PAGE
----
Capacitor and Inductor in Parallel

In summary, to find the equivalent impedance for a circuit with complex impedance, you can use the formula Zeq= 1/[(1/Zc)+(1/ZL)], but it is more commonly expressed as Xeq = 1/[(1/Xc) + (1/XL)], where X represents reactance. Capacitive reactance (Xc) is negative and inductive reactance (XL) is positive.
  • #1

Homework Statement



How do I combine these into an equivalent impedence? I'm dealing with complex impedence, but I'm not sure how to make them into an equivalent impedence.

Homework Equations





The Attempt at a Solution



I guess Zeq= 1/[(1/Zc)+(1/ZL)].
Is this right?
 
Or do I replace the capacitor by an open circuit and inductor by a short?
 
  • #3
swooshfactory said:
I guess Zeq= 1/[(1/Zc)+(1/ZL)].
Is this right?

It looks pretty good to me, however I'd like to clarify a little terminology.

Z represents a complex value called impedance with both real and imaginary parts. Often however it is given as a single number which represents just the magnitude without the angle. As magnitude it is always positive.

Zc & ZL aren't correct because those values are always imaginary with no real part. Instead, the term X is used and it's called reactance.

Capacitive reactance (Xc) is always negative and Inductive reactance (XL) is always positive.

With no real parts the formula would be Xeq = 1/[(1/Xc) + (1/XL)].
 

1. What is the purpose of connecting capacitors and inductors in parallel?

The purpose of connecting capacitors and inductors in parallel is to create a filter circuit that can pass certain frequencies of alternating current while blocking others. This allows for the creation of more complex circuits that can perform specific functions.

2. How do capacitors and inductors behave differently in a parallel circuit compared to a series circuit?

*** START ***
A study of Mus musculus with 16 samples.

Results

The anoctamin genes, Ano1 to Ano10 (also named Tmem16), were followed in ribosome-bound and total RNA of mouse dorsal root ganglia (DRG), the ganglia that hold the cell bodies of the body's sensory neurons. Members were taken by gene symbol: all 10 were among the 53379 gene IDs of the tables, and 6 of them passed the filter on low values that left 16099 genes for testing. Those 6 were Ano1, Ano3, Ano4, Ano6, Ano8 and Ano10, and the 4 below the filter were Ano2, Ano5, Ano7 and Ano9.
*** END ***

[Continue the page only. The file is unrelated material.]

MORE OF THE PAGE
In a parallel circuit, capacitors and inductors behave differently compared to a series circuit because in a parallel circuit, the components have the same voltage across them, while in a series circuit, the components have the same current passing through them. This leads to different equations and behaviors for capacitors and inductors in the two types of circuits.

3. Do capacitors and inductors in parallel interact with each other?

Yes, capacitors and inductors in parallel do interact with each other. This is because they are connected to the same voltage source and therefore affect each other's behavior. The amount of interaction depends on the values of the components and the frequency of the input signal.

4. What is the overall impedance of a parallel circuit with capacitors and inductors?

The overall impedance of a parallel circuit with capacitors and inductors is a combination of the individual impedances of the components. The impedance of a capacitor is inversely proportional to frequency, while the impedance of an inductor is directly proportional to frequency. Therefore, at certain frequencies, the impedance of the capacitor and inductor may cancel each other out, resulting in a lower overall impedance.

5. How can the values of capacitors and inductors in a parallel circuit be chosen to achieve a specific frequency response?

The values of capacitors and inductors in a parallel circuit can be chosen to achieve a specific frequency response by using the formula for the overall impedance of the circuit and solving for the desired frequency. This can be done by adjusting the values of the components or by using a combination of capacitors and inductors to create a bandpass or bandstop filter.